If you haven’t been living under a rock, you surely must have heard about Twitter, the micro blogging service that’s gathered a large following in the last couple of years. When it comes to security, Twitter hasn’t had a very good track record – they’ve got hacked several times and at one point a hacker even managed to get his hands on over 300 internal documents which was quite embarrassing. However, this post is not about Twitter getting hacked yet again – this time around it’s the miroblogging platform who’s warning its users of a possible exploit. Users of BitTorrent trackers that require registrations should pay particular attention to the warning – if Del Harvey (Director, Trust and Safety – Twitter) is correct, your login information on some torrent sites possibly on private trackers may have been compromised.
According to Del Harvey, Twitter began to investigate an unusual surge of followers for some Twitter accounts several days ago. Later it was found out that these accounts were gaining followers using illegitimate methods such as using stolen passwords and login information. And guess what, the Twitter team even managed to trace down the source of the exploit to a certain set of BitTorrent trackers/forums that require user registration. Below is is an excerpt from a blog post which was published earlier today by Del Harvey:
Torrent sites aren’t exactly “new”; however, this is one of the first times that we’ve seen an attack that came from this vector. It appears that for a number of years, a person has been creating torrent sites that require a login and password as well as creating forums set up for torrent site usage and then selling these purportedly well-crafted sites and forums to other people innocently looking to start a download site of their very own. However, these sites came with a little extra — security exploits and backdoors throughout the system. This person then waited for the forums and sites to get popular and then used those exploits to get access to the username, email address, and password of every person who had signed up. Additional exploits to gain admin root on forums that weren’t created by this person also appear to have been utilized; in some instances, the exploit involved redirecting attempts to access the forums to another site that would request log-in information. This information was then used to attempt to gain access to third party sites like Twitter. We haven’t identified all of the forums involved (nor is it likely that we’ll be able to, since we don’t have any connection with them), but as a general rule, if you’ve signed up for a torrent forum or torrent site built by a third party, you should probably change your password there.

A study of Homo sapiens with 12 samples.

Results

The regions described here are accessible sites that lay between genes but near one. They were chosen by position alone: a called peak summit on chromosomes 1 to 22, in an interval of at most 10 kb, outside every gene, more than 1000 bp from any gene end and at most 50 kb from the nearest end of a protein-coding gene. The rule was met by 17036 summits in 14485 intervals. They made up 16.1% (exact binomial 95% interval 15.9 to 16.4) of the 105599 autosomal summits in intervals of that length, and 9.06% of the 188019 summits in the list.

You can read the full article on Twitter status blog using this link. Anyways the information presented is very vague and raises many questions than answers. What exactly does the author mean by “for a number of years, a person has been creating torrent sites that require a login and password as well as creating forums set up for torrent site usage” ? My best guess is that he’s talking about a torrent tracker script (aka a template). Is there really a backdoor on one of the major tracker scripts, still undetected by site coders? We can only speculate.
Either way it’s best to heed the warning and change your passwords ASAP on torrent sites as well as social networking sites, blogging services etc that you use online. And make sure never to use the same login information on different BitTorrent sites or invite forums - this will enhance the security of your accounts greatly and will prevent you from getting ‘chain hacked’ in the event of login information getting compromised.